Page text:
Today is Stephen King’s birthday. He’s turning 67. He’s been scaring the living shit out of me for the better part of my life. And I couldn’t be more grateful.
I was born and raised in Florida, primarily the small town (at least at the time) of St. Cloud. It wasn’t unlike most southern small towns I’ve been to in my travels as an adult; proud of its high school football team, predominately white, single-screen movie theater, pickup trucks, military families, farm families, and a sort of overwhelming feeling that, unless something miraculous or magical happened, you would live and die there.
My mother worked at the elementary school and my father was a cowboy. And, when I grew up, I wanted to be a cowboy too.
We ate supper, we said “Grace,” we even went to church on occasion.
Somewhere along the way, I became enamored with movies and, when I was 9 years-old, my career goal shifted from, “I want to be a cowboy” to “I want to be a cowboy or Jack Nicholson,” after seeing him knock it out of the park as The Joker in Tim Burton’s Batman.
Likely due to my near-idol-worship of Nicholson, I was still a kid when I saw Kubrick’s The Shining. It was on network TV, probably around Halloween. There was a big, off-putting, purple, blurry blob over the naked lady when she stepped out of the shower. But it would take more than a big, off-putting, purple, blurry blob over the naked lady to keep that film from changing my life forever.
In hindsight, I think the first King-related film I ever saw was Cujo, a few years prior. But Cujo didn’t change the way I walked down our (to me, long-as-fuck) hallway at night; with the at-first cautious then hurried steps of a prisoner tiptoeing past the guard and scurrying towards freedom.
No, Cujo was about a dog with rabies. Scary, no doubt, especially considering I spent the first eight years of my life on a ranch in the middle of nowhere. But I could wrap my head around a dog, even one with rabies. You can see it, you can touch it, you can shoot it.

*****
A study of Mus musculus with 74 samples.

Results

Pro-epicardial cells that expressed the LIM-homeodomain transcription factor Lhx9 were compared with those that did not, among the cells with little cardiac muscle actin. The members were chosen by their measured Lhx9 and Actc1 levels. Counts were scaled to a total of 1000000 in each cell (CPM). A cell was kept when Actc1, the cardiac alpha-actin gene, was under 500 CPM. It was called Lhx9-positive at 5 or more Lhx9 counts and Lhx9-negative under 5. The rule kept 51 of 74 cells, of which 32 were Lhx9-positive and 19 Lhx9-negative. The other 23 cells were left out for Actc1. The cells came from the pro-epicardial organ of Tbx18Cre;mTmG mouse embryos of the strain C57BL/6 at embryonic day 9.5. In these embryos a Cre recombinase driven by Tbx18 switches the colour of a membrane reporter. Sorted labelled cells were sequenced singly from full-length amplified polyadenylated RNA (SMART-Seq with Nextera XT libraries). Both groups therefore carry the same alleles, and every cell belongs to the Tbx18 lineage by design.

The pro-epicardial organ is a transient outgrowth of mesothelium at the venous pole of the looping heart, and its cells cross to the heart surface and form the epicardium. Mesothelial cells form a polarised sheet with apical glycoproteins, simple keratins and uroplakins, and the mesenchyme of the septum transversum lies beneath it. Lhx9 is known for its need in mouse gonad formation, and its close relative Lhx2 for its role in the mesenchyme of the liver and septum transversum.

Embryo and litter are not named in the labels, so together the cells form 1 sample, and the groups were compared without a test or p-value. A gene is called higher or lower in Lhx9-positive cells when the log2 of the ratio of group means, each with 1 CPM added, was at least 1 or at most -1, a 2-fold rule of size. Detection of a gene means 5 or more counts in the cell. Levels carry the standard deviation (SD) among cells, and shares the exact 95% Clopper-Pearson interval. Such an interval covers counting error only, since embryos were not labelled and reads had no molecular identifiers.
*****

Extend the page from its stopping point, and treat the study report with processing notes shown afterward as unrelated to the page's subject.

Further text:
The terror of The Shining was psychological. It was in Danny’s head, got in Jack’s head, then got in your head. Were the ghosts even there? What was real? How the fuck should I know? I was like 9 years-old. I couldn’t even spell “psychological.”
All I knew was there was a light switch at either end of our hallway and my days of using only one of them every time I walked that hall after dark were long gone.
In junior high, a family friend close enough at the time to justify me calling him “Uncle” shipped me a huge box of Stephen King books he’d read and no longer needed. I never read them all. Admittedly, for someone who fancies himself a writer, I don’t read enough. But I don’t mention this shipment to wonder aloud why I don’t read more, or talk about the books from the box that I did read — The Eyes of the Dragon, Pet Sematary, The Dark Half, Night Shift, Four Past Midnight, Needful Things, some of Cujo — I only mention it as an illustration that the lid had come off. I was hooked. It was like Pringles: once I popped, I couldn’t stop.
King had managed to do something no one, or thing, had been able to do for me up to that point: crack open the part of my brain that held my imagination and show me there’s far more there than meets the eye.
It wasn’t just about fear, although being scared is great fun, it was about having the ability to manipulate someone’s mind over and over again, using only words, and build worlds, birth characters, tangle them all together, and destroy whatever you had to for it to all make sense. It was about hearing myself ask myself, “Where does he come up with it?” and never finding an answer.
Most importantly, it was a break from the routine. From high school football games, Sunday school because it’s Sunday, and kids with rat tails who didn’t know any better calling kids in punk rock t-shirts, “Faggot.” It was a glimpse into a universe where you had to expect the unexpected, or you might literally get sucked into a gutter or machine with a mind of its own.
It’s impossible to say whether or not I would have ended up the way I am today without reading Stephen King or being exposed to movies based on his books. Maybe I’d have found my own way. Maybe something would’ve happened to where I’d need to build my own hammer and smash into my own brain to escape or make sense of it. Fortunately, I don’t have to wonder.
See, the thing is, like imagination, there’s more to life than meets the eye if you just know how to look. We’re more than automatons, punching in and out day after day at jobs that pay just enough to keep us alive, kicking our feet up to watch TV, and falling asleep only to wake up and do it all again; with little regard for the fleeting years or how we’re spending them.
We’ve accepted that because it’s the norm and, in doing so, lost our sense of wonder, our sense of being, our ability to realize we’re dreams inside dreams inside the mind of a sleeping giant who, whether we like it or not, is going to wake up one day and destroy us all.
Now, to be fair, I don’t know if that last bit about the dreams and the giant is 100% accurate, but, the beauty is, that idea, that belief, is mine. And if it frightens you, it’s only because you can’t see it, can’t touch it, can’t shoot it.